Intel's newest 300mm fab is also its first in Europe

Late yesterday, Intel announced the opening of its newest 300mm wafer facility in Leixlip, Ireland.  The new fab is called Fab 24-2, as the facility is essentially an expansion on the existing Fab 24 facility that was built in 2004.

Intel reports that the facility cost about $2B USD to construct, and with 224,000 feet of clean room space the fab is one of the largest in Intel's fleet.  The facility is also the company's first 65nm factory in Europe.  Details were not revealed on exactly how many wafers and processors per month the new fab will sustain.

Intel's Fab 12 in Chandler, Arizona and D1C/D1D fabs in Hillsboro, Oregon already compose of the majority of Intel's 300mm wafer production.  Late last year, Intel representatives claimed a plan was on the table for a 300mm D1E facility in Hillsboro as well.

Intel also has plans to open another fab in Chandler, dubbed Fab 32, expected to produce 300mm wafers for 45nm CPUs.  Fab 28 in Qiryat Gat, Israel is also expected to product 300mm wafers for 45nm processors when it is completed in 2008.  Intel also has plans to build a massive facility in Ho Chi Minh City, Vietnam, that will even eclipse Fab 24-2 in size. 

AMD is currently considering a multi-billion dollar facility in New York State.



By AnnihilatorX on 6/23/2006 10:14:44 AM , Rating: 2
It should read 300mm wafers not 30mm wafers




RE: Title Error
By rrsurfer1 on 6/23/2006 10:30:20 AM , Rating: 2
That's a hell of a wafer.

Process question: does anyone know why they use circular wafers? If they used squares there would be no lost cores on the edge of the wafer if it was layed out correctly. I'm guessing it has something to do with the etching but I'm not too knowledgable in that area. Anyone know?


RE: Title Error
By KristopherKubicki (blog) on 6/23/2006 10:34:00 AM , Rating: 2
Wafers are literally "spun" from silicon, and grow outwards.


RE: Title Error
By rrsurfer1 on 6/23/2006 10:39:41 AM , Rating: 2
Ahh, that makes sense. Thanks for the info. I think I'll do a little wiki reading on that.


RE: Title Error
By masher2 (blog) on 6/23/2006 12:02:18 PM , Rating: 4
Actually, the most common process is to "pull" a silicon ingot, forming a rough cylinder rather like an enormous candlestick.

The cyclinder is then sliced edgewise into discs, then ground to a perfect circular shape.


RE: Title Error
By Clauzii on 6/24/2006 2:40:59 PM , Rating: 2
Her is an interesting link that explains the float-zone process at a DK company called Topsil :)

http://www.topsil.com/474


RE: Title Error
By bupkus on 6/23/2006 4:28:58 PM , Rating: 2
Like pizza dough? :=)


400mm?
By PrinceGaz on 6/23/2006 8:20:01 PM , Rating: 2
Since all the big chip companies seem to have moved up from 200mm to 300mm, I wonder if there is any reason why they might not next consider 400mm? More dies per wafer has to be a good thing and I'm sure the necessary equipment could be developed.

Or maybe it's a case of it not being possible yet-- I often wonder why they go from 180nm -> 130nm -> 90nm -> 65nm -> 45nm etc when they already know what is planned several generations ahead. Why not make the jump all the way if you already know what you intend to do-- it would have to be cheaper than making multiple changes.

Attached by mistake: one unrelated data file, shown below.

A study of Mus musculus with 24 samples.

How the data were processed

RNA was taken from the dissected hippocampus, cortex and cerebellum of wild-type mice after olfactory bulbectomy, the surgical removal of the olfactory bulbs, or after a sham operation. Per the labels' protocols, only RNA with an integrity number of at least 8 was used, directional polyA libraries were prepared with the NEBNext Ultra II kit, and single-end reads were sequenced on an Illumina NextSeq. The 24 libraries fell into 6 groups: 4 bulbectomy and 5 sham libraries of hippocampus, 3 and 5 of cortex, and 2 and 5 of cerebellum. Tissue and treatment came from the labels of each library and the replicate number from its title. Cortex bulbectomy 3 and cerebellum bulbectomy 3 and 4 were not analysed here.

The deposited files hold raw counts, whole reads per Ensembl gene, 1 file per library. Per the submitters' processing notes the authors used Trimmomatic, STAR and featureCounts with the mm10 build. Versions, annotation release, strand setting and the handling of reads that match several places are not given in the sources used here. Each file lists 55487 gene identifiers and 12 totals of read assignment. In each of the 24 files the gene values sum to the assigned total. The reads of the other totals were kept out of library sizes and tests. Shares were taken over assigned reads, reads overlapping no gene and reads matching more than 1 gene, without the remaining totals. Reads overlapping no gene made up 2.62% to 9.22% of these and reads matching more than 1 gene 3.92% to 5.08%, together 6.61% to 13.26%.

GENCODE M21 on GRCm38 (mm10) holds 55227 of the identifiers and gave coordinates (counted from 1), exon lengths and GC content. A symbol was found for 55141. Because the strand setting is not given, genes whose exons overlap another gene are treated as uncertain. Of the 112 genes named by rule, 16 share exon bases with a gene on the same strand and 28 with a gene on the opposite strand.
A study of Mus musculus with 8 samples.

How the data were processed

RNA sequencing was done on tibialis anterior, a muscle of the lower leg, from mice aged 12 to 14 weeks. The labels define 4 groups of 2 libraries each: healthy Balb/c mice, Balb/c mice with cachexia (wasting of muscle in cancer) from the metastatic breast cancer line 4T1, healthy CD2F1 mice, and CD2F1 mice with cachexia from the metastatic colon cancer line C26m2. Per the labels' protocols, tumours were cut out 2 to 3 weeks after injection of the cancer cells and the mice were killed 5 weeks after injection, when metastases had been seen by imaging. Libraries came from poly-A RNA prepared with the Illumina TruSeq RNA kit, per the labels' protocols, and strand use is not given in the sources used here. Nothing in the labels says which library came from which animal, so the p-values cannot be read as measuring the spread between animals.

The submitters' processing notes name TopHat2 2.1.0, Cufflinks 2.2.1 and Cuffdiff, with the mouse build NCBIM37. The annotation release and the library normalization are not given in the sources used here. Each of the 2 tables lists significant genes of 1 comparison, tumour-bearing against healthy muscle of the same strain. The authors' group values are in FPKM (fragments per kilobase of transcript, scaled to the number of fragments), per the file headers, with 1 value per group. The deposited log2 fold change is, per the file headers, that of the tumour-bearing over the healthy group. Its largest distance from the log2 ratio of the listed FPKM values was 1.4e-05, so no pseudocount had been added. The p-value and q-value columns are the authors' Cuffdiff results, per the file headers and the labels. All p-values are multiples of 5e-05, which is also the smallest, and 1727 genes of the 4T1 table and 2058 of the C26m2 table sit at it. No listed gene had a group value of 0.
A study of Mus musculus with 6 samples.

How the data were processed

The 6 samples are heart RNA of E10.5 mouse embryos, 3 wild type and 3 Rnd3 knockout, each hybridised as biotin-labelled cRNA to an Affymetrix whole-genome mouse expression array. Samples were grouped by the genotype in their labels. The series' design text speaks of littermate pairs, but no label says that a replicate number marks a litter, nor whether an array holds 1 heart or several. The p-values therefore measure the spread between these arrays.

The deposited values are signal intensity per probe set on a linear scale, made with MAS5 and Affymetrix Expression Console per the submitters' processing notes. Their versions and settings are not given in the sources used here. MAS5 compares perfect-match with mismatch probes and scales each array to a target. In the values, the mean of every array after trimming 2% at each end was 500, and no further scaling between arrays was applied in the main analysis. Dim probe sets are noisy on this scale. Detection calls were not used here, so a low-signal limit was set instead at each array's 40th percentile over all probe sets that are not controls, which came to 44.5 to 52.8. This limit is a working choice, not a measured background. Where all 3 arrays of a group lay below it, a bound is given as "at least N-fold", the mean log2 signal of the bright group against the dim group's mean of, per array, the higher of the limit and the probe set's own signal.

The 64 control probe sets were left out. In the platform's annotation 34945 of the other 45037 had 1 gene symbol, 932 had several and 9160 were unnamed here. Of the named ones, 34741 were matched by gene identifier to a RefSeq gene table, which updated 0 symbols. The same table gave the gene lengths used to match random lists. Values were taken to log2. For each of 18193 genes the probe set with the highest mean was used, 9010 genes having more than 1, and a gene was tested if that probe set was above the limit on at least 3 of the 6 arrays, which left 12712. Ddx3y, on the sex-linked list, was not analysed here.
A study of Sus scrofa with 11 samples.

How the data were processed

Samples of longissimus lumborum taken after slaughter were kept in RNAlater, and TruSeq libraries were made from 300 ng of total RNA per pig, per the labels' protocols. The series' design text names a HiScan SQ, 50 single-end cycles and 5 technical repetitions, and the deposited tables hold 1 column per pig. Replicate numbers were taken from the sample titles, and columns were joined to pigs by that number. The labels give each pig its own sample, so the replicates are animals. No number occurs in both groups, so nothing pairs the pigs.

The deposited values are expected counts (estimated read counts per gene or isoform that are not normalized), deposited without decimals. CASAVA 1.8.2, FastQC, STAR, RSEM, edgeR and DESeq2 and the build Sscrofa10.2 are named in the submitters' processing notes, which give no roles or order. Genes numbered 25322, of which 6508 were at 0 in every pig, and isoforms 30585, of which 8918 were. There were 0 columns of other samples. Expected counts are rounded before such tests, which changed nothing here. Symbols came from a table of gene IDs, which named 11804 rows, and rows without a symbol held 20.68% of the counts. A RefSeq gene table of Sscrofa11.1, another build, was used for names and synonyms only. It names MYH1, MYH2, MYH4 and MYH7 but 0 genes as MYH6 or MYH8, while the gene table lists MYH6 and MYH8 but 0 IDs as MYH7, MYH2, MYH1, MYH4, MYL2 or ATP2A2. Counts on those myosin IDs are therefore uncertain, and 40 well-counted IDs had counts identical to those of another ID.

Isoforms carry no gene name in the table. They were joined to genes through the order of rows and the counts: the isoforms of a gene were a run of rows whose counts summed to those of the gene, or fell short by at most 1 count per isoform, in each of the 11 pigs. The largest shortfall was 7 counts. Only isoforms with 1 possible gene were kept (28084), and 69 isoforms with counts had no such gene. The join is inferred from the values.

RE: 400mm?
By coldpower27 on 6/23/2006 11:26:54 PM , Rating: 2
One thing the next wafer node to be considered is slated for 2012 IF things go right and is 450mm wafer tehnology.

Larger wafers are desired, but the problem is with 450mm wafer manufacturing only big time players would benefit the most as they can afford these expensive fabs.

Another avenue is being persued currently is that to try to make the current equipment process wafers faster then to make larger wafers, as the end result you get more product in the end. So instead of 450mm wafers we have 300mm wafers flytihng through quicker.

Not to mention the equipment and wafer technology to make these things have to be developed by the industry. Intel doens't make the wafers remember. The supporting infrastruture is needed, and the problem is getting someone to pay for all of it.

It's probably to large a jump to go any other way, hell you have half-node shrinks with companies like TSMC which do 150nm, 80nm, and 110nm.


RE: 400mm?
By dude on 6/24/2006 1:04:53 PM , Rating: 2
The smaller processes are only possible when the can develope optics that can do something that small. It's not like they wouldn't want to, they CAN'T yet!

By the way, the etching optics don't go that small, and they use "trickery" to make it etch such small nano sized traces.


n/a
By Scabies on 6/23/2006 11:00:24 AM , Rating: 2
implications for sales?
implications for R&D?
implications for competition?

do these things spawn CPUs, chipsets...? maybe I should wiki too...




RE: n/a
By rrsurfer1 on 6/23/2006 11:08:18 AM , Rating: 2
Not sure what this particular plant makes, but it could be CPUs or chipsets or both.

Increasing wafer size allows them to produce more cores per wafer which increases yield and decreases manufacturing cost per core. The same type of thing happens when you have a process size reduction (ie, 65nm -> 45nm), only you can get more cores per wafer because the cores are smaller in size.


Jobs
By tk109 on 6/23/2006 11:49:31 AM , Rating: 2
If this 300mm D1E facility in Hillsboro is a brand new fab and not just a retool that means more jobs. (and jobs building the thing). Which means all my property around the area will increase. Which would be nice. Intel is a big asset to our economy around here.